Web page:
Frey bail forgiveness

Minneapolis Mayor Jacob Frey joined Minneapolis City Council Vice-President Andrea Jenkins, City Attorney Susan Segal and advocates for criminal justice reform.

Minneapolis Mayor Jacob Frey joined Minneapolis City Council Vice-President Andrea Jenkins, City Attorney Susan Segal, advocates for criminal justice reform, and Minnesotans directly impacted by the bail system to discuss Frey’s proposal to fund alternatives to cash bail in the City of Minneapolis’ 2020 budget.

The proposal would add social workers to develop a release plan for certain individuals in lieu of the automatic bail schedule. This would make Minneapolis the first jurisdiction in the state of Minnesota to provide an alternative to the cash bail system.

“The size of a person’s wallet shouldn’t impact how they’re treated by the criminal justice system,” said Frey. “But that unfair dynamic is exactly what the cash bail system creates, and exactly what we must change. By providing an alternative to cash bail, we can help as many as 1,000 people maintain control of their lives, and take a meaningful step toward curbing recidivism and poverty.”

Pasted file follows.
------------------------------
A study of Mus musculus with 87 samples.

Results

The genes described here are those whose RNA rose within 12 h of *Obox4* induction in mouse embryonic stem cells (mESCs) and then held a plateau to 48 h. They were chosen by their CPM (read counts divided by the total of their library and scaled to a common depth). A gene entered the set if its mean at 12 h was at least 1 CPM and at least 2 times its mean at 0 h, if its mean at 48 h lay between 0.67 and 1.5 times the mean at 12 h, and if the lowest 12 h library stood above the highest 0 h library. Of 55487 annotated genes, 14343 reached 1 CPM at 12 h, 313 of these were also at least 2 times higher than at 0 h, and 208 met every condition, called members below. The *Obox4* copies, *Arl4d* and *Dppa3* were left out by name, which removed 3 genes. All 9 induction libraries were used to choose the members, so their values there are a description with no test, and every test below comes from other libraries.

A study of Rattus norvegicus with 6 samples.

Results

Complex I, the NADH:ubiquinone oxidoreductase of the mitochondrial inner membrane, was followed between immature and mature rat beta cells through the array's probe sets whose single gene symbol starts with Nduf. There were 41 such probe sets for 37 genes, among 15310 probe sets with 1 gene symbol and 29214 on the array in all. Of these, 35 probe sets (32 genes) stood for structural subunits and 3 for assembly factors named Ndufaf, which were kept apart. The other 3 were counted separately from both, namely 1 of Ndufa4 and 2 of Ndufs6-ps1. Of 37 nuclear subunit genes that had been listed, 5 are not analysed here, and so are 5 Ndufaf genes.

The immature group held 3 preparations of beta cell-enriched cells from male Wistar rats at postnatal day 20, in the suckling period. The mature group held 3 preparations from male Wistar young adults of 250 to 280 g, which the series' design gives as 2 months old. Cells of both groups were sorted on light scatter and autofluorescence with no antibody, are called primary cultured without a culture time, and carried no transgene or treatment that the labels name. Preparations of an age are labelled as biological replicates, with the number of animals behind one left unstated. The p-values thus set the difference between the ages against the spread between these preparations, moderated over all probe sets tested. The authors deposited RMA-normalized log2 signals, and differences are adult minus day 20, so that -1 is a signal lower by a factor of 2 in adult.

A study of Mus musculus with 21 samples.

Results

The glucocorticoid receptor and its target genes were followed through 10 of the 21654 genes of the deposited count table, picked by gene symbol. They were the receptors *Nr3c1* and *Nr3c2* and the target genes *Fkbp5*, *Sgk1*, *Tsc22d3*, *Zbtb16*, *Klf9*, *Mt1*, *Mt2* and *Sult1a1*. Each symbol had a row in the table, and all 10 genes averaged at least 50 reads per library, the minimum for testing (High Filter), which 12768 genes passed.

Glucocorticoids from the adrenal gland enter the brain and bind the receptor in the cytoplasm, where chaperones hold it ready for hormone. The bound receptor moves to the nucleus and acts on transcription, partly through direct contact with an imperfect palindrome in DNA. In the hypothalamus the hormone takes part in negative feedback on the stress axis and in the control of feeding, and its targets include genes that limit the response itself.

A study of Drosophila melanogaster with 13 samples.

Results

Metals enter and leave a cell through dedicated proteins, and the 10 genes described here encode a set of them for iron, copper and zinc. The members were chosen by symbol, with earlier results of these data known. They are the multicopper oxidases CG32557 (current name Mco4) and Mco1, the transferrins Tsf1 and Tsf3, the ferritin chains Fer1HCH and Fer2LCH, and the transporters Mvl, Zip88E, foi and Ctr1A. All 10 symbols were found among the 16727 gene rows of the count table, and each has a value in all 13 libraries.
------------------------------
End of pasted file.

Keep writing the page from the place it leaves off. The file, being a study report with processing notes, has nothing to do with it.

“We know that the criminal justice system operates way before people are incarcerated,” said Jenkins. “The criminal justice system that disproportionately impacts African and Native Americans is one of the most important challenges that our country faces. Providing an alternative to cash bail is an important step we can take in creating a more equitable Minneapolis.”

“This proposal will provide a new tool, within our powers as city prosecutors, for bail reform at the local level.  Lower risk individuals should not be in jail simply because they cannot afford bail,” said Segal “It also furthers our work to address the underlying needs of “livability” offenders, connecting people with needed services, instead of a focus just on punishing “deeds.””

Speakers also discussed why fundamentally reforming cash bail should be a top priority pursued at the state level.

The proposal was introduced at All-Square, a non-profit restaurant that makes grilled-cheese sandwiches while working to give formerly incarcerated individuals a second chance. All-Square was recently recognized by TIME Magazine as one of the 100 greatest places in the world.

Frey’s 2020 recommended budget features $75,000 in one-time funding to develop and implement an alternative to cash bail for people charged with nondomestic, non-DWI misdemeanor offenses in Minneapolis. The City Attorney's office would contribute an additional $25,000.

The cash bail alternative would fund social workers from Hennepin County Community Corrections to develop an individualized release plan for those who would otherwise be subject to the automatic bail schedule. The program will also connect individuals with needed social services on a voluntary basis.